How do sociologists study the impact of society on individual thoughts, feelings, and behavior? What “tools” or concepts do they employ to explain how society impacts individuals and how individuals affect society?



A psychologist might study why "Joe" committed suicide or is a high suicide risk by looking at Joe's individual emotions and situation. A sociologist might look at the demography of suicide in the United States and note that white, middle-aged males with only high-school educations have suffered a spike in suicide rates in the past decade. Rather than looking at Joe specifically, the sociologist would interview or study hundreds of people in this demographic group looking for commonalities among suicide victims, such as religiosity (regular church-goers commit suicide at lower rates than non-church-goers), employment status (losing a job correlates with suicide risk), and similar factors. Rather than seeking an explanation for Joe's suicide in individual factors such as personal experiences in childhood, a sociologist would explain emotions as responses to larger social and environmental conditions.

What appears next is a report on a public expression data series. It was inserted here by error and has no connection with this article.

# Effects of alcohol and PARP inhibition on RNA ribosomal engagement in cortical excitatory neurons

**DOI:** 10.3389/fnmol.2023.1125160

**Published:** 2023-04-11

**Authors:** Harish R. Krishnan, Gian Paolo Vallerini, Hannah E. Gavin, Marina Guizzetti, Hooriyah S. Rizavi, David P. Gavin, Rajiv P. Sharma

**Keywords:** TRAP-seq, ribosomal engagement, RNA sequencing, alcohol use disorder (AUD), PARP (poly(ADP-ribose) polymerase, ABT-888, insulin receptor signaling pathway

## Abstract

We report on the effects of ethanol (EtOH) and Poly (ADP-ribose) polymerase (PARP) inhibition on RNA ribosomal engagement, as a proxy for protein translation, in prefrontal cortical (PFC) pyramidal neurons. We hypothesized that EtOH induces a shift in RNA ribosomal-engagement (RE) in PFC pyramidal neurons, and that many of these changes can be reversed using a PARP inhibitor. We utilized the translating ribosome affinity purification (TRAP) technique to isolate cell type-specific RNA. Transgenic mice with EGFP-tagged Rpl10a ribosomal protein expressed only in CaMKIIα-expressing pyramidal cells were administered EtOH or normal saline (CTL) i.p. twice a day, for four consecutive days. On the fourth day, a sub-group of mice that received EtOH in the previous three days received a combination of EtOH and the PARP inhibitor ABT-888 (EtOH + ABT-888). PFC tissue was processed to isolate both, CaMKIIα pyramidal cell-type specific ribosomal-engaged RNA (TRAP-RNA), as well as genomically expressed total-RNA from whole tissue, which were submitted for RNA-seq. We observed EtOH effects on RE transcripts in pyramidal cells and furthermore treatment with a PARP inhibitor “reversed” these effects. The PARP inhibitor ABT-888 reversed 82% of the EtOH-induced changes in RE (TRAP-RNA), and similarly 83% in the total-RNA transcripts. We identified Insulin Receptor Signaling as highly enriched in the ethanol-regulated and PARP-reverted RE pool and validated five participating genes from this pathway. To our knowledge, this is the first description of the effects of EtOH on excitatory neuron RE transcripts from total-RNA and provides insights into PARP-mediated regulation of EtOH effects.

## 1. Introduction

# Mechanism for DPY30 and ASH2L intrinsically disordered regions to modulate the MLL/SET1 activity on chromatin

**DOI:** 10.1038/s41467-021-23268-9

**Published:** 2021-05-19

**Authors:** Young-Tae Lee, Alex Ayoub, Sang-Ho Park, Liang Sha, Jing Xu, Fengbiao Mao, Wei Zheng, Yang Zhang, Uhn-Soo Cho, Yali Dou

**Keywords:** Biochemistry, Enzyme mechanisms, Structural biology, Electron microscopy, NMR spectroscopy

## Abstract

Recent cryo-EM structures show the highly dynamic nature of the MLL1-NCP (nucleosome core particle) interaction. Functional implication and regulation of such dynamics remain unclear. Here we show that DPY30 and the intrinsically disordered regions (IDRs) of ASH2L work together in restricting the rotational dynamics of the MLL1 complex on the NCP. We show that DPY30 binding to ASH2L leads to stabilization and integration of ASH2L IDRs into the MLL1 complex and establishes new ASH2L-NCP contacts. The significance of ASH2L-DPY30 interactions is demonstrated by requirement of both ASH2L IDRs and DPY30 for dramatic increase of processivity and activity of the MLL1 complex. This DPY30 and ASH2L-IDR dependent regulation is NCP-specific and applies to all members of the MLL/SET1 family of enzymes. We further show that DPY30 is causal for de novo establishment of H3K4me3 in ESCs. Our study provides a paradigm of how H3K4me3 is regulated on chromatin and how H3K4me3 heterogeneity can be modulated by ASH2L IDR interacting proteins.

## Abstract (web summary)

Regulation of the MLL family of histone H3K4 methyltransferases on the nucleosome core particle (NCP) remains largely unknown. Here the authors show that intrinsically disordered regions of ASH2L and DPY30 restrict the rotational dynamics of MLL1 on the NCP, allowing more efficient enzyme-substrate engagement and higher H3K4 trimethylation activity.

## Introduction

Firstly, they have a number of sociological theories, such as structural functionalism, conflict theory, and symbolic interactionism. Structural functionalism looks at all the organs of society (schools, churches, clubs, and the like) as the glue that holds society together. Conflict theory talks about the ongoing quest for power and resources creating an "each man for himself" scenario in society. Symbolic interactionist theory is another construct often used by sociologists to explain the reciprocal relationships between individuals and society. This theory looks at the relationships between individuals, and the ways in which they communicate with each other.

There are a wide variety of ways that sociologists acquire the quantitative and qualitative data that they need. Surveys (with open- or closed-ended questions), focus groups, and participant observation studies are all examples of sociological methods.